I've used a number of methods in the past to do that, but all of them, no matter how elaborate, are highly inaccurate. The reason for this is that, at any given point, you have to compare the game you have in hand with something that's out in the market right now.
Here's where you'll err:
- Do you REALLY know how much they are making? (Are you sure their numbers are accurate? Were they trying to prove a point?) - I tend to aim 10-20% lower
- They are out RIGHT NOW, and you are NOT. Not only did they pick up on the wave before you did (which means your game will be deja vu to a lot of potential players) but they also came out in a different time period, which inherently means the market was in a different position. If there's a big tower defense frenzy, you can bet there will be more in the couple of following weeks/months, which means, if you plan to release then, you might get swarmed and come up at the botom, unnoticed. Consider the delay between the data you have on a given product and your estimated time to market as you do this. The faster you can react, the better you can earn.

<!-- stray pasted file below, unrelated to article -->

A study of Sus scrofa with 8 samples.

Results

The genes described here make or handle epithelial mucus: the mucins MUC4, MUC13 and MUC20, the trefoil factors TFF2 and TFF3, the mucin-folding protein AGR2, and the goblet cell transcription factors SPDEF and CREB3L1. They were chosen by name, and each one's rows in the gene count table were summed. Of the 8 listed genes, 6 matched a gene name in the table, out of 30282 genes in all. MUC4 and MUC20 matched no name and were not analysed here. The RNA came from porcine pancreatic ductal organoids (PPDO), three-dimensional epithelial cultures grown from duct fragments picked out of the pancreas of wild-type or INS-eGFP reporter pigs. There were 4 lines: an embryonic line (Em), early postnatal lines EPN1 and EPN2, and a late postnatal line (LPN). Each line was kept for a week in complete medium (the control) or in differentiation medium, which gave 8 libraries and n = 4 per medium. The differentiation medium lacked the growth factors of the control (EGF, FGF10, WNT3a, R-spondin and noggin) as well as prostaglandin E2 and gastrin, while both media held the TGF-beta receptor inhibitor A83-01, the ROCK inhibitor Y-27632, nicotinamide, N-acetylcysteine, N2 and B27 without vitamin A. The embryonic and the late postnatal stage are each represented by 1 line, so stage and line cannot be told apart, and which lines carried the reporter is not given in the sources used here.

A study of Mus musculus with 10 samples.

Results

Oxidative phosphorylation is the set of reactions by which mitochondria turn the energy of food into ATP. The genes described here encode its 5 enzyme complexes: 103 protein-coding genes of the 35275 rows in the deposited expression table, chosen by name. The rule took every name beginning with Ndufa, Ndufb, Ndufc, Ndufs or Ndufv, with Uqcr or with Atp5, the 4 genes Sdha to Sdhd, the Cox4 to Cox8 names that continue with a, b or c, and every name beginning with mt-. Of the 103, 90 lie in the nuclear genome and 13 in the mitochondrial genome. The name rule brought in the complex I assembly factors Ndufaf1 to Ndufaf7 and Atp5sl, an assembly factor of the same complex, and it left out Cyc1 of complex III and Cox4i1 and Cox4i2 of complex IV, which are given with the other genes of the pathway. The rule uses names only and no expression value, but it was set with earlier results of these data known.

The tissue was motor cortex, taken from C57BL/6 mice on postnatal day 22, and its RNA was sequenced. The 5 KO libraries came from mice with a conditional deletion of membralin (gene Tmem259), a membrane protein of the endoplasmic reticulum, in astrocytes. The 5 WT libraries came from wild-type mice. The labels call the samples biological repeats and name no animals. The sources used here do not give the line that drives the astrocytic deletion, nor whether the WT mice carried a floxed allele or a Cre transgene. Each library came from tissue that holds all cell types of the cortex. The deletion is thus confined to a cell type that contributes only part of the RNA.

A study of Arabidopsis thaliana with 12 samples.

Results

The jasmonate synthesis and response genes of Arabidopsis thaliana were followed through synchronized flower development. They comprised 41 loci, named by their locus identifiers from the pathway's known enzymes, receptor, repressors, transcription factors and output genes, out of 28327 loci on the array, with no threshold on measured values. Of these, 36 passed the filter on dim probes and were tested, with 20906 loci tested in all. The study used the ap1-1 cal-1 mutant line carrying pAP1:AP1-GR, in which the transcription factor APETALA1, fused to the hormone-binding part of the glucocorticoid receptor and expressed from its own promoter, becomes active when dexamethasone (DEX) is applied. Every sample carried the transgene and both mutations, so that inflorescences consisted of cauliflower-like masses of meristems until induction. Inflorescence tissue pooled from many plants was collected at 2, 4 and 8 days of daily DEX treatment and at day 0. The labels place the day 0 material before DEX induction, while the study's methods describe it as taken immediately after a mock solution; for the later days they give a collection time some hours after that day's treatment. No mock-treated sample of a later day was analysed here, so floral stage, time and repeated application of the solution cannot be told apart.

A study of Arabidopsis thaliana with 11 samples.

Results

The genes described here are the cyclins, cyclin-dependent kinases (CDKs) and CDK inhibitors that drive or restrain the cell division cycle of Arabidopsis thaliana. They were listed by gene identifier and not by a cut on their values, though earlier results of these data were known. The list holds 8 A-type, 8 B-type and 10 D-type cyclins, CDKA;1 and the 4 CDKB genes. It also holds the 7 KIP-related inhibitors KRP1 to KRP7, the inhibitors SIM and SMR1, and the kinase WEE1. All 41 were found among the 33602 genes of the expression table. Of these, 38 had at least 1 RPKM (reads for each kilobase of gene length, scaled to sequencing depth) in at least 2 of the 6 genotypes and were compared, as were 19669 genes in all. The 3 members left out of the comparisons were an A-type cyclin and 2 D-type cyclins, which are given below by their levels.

- Possibly, your reference game is not "like" your game. This introduces a lot of risk: people might "get" it, or not. If they do, they might "like" it or not. All the more reasons to increase or decrease their sales
- Can you spend as much money on marketing as the base game? Can you get better/worse exposure? Can you hit the best platforms to reach your audiences? Are these different from your reference game? Is the art style more or less appealing to certain crowds?
- Are you a good judge of your own product's level of quality?
In brief, nothing you wouldn't already know if you have created a persona.